We said goodbye to friendly Portales (see photo above) and headed west to Fort Sumner, the home of the “official” grave of Billy the Kid.
We are at the Sumner Lake State Park and the land is very much like it was at Oasis State Park. But driving around the area of Fort Sumner we discovered lots of fields planted with crops. The Pecos River runs through this area and the farmers have irrigation canals running along their fields. This flooding of the fields is also how farming is done along the Rio Grande near El Paso.
Visiting the grave of William Bonner “Billy the Kid” is interesting and so was learning more about the legends of him. Alongside his grave are two other people that ran with him. The three graves are enclosed in a rod iron fence and Billy’s tombstone is wrapped in an iron cage. This seems like a lot of overkill to protect a grave, but his tombstone was stolen twice. Once it was missing for over 20 years and eventually found in Grandbury, Texas. The second time it was stolen it was found in California. That was when the tombstone was “shackled to his feet.”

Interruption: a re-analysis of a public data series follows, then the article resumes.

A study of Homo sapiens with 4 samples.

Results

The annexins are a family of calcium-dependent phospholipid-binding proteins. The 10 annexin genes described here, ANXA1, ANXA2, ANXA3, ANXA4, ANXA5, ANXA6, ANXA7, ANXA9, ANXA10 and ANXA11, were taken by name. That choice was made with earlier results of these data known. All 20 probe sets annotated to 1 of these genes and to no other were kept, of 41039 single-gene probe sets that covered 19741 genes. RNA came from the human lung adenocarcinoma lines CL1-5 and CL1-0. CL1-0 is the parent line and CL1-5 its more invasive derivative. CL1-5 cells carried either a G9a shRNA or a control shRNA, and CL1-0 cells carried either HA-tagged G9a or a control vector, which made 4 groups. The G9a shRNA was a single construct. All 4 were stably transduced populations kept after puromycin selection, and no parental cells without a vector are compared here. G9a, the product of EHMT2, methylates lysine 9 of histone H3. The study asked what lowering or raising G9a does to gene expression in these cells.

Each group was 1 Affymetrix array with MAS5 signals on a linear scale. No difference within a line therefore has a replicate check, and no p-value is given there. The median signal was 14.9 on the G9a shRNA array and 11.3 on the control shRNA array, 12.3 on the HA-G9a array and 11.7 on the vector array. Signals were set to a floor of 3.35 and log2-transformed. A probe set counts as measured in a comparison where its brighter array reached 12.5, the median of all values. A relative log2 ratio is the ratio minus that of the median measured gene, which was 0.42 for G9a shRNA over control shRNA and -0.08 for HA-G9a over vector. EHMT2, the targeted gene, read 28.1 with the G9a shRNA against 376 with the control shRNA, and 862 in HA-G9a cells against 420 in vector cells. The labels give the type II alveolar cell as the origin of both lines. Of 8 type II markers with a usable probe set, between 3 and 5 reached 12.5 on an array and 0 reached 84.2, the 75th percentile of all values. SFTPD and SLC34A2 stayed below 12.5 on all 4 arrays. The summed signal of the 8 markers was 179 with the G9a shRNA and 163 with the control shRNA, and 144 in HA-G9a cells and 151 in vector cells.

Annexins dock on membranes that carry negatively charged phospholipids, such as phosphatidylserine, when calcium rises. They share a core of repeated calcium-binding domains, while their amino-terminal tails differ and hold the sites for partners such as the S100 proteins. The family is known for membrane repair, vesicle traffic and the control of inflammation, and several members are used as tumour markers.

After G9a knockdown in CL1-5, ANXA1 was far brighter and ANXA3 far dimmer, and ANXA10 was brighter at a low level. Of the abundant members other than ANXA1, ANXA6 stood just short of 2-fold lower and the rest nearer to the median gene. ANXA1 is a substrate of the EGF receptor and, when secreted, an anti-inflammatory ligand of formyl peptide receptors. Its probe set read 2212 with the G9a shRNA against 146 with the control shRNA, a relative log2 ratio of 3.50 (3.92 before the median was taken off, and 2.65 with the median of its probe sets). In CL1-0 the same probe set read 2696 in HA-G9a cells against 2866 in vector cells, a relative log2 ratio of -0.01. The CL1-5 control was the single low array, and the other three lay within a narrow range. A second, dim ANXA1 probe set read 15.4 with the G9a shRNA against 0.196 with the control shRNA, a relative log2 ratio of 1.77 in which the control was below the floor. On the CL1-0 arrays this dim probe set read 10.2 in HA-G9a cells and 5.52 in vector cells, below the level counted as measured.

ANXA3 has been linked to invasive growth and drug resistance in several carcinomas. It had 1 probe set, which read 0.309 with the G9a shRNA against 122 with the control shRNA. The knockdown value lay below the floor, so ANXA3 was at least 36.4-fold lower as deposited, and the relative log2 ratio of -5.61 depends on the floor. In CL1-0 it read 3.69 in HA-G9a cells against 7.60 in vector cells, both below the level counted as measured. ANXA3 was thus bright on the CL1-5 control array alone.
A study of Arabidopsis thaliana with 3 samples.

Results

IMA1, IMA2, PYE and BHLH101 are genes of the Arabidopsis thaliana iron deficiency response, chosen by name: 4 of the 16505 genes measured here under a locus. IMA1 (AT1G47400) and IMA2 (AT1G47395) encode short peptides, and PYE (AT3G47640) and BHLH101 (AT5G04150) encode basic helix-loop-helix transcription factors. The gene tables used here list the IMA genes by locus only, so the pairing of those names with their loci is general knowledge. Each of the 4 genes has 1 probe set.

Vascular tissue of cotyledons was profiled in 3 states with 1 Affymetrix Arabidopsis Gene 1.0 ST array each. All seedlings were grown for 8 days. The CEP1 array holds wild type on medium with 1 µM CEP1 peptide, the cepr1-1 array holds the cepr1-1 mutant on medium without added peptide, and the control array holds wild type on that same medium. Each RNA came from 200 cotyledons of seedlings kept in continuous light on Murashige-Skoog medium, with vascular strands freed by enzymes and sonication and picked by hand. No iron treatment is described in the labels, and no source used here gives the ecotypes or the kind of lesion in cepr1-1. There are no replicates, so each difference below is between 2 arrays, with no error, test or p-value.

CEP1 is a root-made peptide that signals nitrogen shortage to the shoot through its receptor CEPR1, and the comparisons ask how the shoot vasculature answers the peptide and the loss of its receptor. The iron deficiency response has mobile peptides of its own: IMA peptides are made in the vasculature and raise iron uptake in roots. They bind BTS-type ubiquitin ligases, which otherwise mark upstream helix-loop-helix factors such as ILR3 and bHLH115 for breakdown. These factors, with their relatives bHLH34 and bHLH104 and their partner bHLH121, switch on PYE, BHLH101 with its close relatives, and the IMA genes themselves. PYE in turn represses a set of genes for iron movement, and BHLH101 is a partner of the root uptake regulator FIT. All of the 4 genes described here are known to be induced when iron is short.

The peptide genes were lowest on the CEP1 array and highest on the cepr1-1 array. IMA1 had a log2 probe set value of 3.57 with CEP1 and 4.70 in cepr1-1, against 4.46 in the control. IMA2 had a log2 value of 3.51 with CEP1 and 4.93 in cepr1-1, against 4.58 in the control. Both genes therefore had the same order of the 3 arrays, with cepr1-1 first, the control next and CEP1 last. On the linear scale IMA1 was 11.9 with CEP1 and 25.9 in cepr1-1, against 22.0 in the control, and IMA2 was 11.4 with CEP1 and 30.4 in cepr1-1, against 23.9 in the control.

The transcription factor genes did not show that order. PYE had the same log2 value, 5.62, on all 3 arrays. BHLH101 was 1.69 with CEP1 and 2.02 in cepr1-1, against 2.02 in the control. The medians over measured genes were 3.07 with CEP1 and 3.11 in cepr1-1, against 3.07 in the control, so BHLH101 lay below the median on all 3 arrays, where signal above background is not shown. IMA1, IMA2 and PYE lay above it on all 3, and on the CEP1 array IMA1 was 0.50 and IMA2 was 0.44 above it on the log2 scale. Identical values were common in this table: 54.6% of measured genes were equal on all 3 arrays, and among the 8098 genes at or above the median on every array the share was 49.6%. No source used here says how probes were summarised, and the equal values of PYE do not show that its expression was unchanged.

There is also a memorial remembering the “Long Walk.” This is a time when 2,000 Apache and 400 Navajo Indians were forced into a reservation at Bosque Redondo (which was at Ft Sumner, and was the reason for the Army Fort being located there). A total of over 6,000 Indians were forced onto the reservation. During the time the Indians were at the reservation, over 3,000 Indians died. The reservation was closed within a couple of years and the Fort abandoned. The memorial is open Wednesday thru Sunday, so we missed it.
Tomorrow we will continue our trek to Albuquerque.